The Sunnyside City Council approved several measures last week that gives a new look of sorts to the operation of the Sunnyside Municipal Court.
Sunnyside City Manager Bob Stockwell told Council that what was before them was important to adopt to help with how the city operates the municipal court.
"We have been working on this for several months," said Stockwell.
Steven Michels is the current sitting judge in local municipal court. Under the ordinance approved by the Council, Michels will now earn $4,000 per month, an increase from his monthly compensation of $2,857.
Stockwell said the pay increase is justified because the municipal court judge hadn't received a pay raise from 1996 to 2004 while the case load has increased dramatically in the past few years. Stockwell said the state supreme court has also adopted several new regulations increasing the administrative duties of the judge position. Stockwell added that Sunnyside's municipal court judge is not being paid in comparison to other judges in the Valley.
Between 1996 and 2005, there had been no increase in pay for the municipal court judge position. There was a $300 per month increase in pay given earlier this year.
Stockwell said Judge Michels has been putting in an extraordinary amount of time in municipal court. Michels' court, he said, handles a substantial number of cases. Based on 2003 figures, Sunnyside's municipal court handled 3,808 cases. Union Gap had the next closest case load with 2,607 municipal court hearings. Neighboring Grandview had 882 cases that year.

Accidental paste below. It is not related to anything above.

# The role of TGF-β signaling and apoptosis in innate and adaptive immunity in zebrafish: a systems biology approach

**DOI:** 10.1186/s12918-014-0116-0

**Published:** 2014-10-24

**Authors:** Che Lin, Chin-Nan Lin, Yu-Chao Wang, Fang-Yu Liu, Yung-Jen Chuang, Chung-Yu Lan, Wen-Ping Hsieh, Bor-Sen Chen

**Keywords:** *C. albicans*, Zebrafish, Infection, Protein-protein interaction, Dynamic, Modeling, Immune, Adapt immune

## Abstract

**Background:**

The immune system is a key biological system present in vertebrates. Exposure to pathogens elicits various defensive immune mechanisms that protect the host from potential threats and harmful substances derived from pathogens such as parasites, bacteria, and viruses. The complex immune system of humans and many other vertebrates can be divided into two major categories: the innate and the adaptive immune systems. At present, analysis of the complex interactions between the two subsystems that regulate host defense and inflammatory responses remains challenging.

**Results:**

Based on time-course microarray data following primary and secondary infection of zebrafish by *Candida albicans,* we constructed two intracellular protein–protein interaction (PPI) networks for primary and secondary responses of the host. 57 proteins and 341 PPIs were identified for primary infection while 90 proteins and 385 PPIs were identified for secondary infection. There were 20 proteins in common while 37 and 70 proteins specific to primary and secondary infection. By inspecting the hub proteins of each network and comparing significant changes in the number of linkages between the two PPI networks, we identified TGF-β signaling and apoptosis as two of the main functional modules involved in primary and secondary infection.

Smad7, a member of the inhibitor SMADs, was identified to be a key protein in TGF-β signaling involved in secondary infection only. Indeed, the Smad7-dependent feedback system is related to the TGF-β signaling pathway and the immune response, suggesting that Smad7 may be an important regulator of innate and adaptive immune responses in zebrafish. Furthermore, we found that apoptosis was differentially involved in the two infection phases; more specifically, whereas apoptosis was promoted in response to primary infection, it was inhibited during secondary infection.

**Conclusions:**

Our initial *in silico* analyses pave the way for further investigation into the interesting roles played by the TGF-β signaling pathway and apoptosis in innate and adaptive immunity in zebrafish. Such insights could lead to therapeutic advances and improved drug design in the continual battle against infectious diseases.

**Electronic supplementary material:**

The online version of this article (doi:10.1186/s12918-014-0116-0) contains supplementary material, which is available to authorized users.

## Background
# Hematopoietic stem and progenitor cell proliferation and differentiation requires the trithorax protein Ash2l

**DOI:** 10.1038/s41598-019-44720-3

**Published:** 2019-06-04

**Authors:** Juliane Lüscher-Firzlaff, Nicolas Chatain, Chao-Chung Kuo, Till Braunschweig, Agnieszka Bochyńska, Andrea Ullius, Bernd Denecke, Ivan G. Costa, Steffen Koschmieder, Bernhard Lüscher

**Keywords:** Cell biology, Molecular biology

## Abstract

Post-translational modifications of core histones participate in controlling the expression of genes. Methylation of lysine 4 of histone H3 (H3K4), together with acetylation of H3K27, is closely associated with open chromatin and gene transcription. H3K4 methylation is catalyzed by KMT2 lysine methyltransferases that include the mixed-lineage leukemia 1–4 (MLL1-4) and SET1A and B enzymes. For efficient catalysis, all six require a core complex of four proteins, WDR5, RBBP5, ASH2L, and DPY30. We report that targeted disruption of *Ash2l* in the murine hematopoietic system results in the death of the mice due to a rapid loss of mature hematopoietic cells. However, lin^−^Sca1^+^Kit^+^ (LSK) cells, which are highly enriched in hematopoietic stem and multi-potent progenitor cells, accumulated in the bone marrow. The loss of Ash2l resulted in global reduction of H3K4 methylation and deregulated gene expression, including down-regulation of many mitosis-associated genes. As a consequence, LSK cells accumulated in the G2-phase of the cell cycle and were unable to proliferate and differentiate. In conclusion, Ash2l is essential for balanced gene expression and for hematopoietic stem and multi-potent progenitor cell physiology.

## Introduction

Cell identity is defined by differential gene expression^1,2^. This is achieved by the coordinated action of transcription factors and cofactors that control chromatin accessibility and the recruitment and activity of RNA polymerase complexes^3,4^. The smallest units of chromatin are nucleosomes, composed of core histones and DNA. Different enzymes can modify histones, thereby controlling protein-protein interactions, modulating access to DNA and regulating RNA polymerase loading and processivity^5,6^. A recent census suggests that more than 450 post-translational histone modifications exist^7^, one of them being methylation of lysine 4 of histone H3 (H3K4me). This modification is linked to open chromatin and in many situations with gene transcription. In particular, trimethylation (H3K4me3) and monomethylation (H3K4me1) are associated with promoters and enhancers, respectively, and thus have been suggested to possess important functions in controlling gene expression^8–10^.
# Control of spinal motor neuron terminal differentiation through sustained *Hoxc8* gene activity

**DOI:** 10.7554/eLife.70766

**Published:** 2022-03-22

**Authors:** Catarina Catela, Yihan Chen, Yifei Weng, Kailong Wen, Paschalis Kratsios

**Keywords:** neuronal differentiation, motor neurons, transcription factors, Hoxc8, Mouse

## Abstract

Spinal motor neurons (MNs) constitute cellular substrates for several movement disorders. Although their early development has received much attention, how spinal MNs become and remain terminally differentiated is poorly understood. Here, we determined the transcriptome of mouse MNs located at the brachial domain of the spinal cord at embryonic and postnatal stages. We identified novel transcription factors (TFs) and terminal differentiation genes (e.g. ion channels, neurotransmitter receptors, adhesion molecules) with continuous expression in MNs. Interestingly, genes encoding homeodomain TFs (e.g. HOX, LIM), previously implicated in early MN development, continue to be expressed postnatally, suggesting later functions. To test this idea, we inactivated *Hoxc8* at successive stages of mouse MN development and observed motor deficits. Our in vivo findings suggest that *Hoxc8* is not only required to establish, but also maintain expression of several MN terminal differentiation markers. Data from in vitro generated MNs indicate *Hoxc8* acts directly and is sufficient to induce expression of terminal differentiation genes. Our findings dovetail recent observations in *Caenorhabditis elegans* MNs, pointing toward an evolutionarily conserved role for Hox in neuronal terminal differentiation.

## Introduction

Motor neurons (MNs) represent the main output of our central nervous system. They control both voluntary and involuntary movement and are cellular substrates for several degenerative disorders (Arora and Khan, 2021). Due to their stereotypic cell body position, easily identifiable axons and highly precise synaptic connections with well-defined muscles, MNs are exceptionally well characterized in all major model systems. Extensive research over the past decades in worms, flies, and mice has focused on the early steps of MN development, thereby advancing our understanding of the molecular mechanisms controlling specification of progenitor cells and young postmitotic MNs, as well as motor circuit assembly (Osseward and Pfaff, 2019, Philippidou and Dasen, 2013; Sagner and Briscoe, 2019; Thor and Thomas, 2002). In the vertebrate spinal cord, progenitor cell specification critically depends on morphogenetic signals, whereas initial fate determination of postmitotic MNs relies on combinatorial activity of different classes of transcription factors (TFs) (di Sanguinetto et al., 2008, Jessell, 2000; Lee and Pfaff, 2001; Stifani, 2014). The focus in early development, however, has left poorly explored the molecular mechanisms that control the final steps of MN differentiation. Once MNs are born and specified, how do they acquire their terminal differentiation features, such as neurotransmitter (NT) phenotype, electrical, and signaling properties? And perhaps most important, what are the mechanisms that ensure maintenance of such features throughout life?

Michels explained to Council that the court load for 2004 increased dramatically. The local court handled 4,968 cases in 2004.
"It looks to me like we are keeping up with that (for 2005)," said Michels.
Under the ordinance, the compensation of the sitting municipal court judge will be reduced accordingly for each hour that a judge pro-tem serves in his absence.
Stockwell explained that under the contract Michels is an independent employee of the city. He is responsible for paying his own federal income tax and other taxes. Michels also does not receive any sick leave, vacation, overtime or compensatory time.
While Michels' role will be to serve as the administrator of the court, the city will still have the final say over court employees.
"They will have dual supervision," said Stockwell of the joint effort between Michels and the city in the supervision of the court.
Stockwell said what drove the new agreement with Michels and changes in the court system is a ruling of the state supreme court that calls for more of a separation of powers between the court system and municipalities. The changes demand more time and responsibility of a municipal court judge in the operation of the court system, Stockwell explained.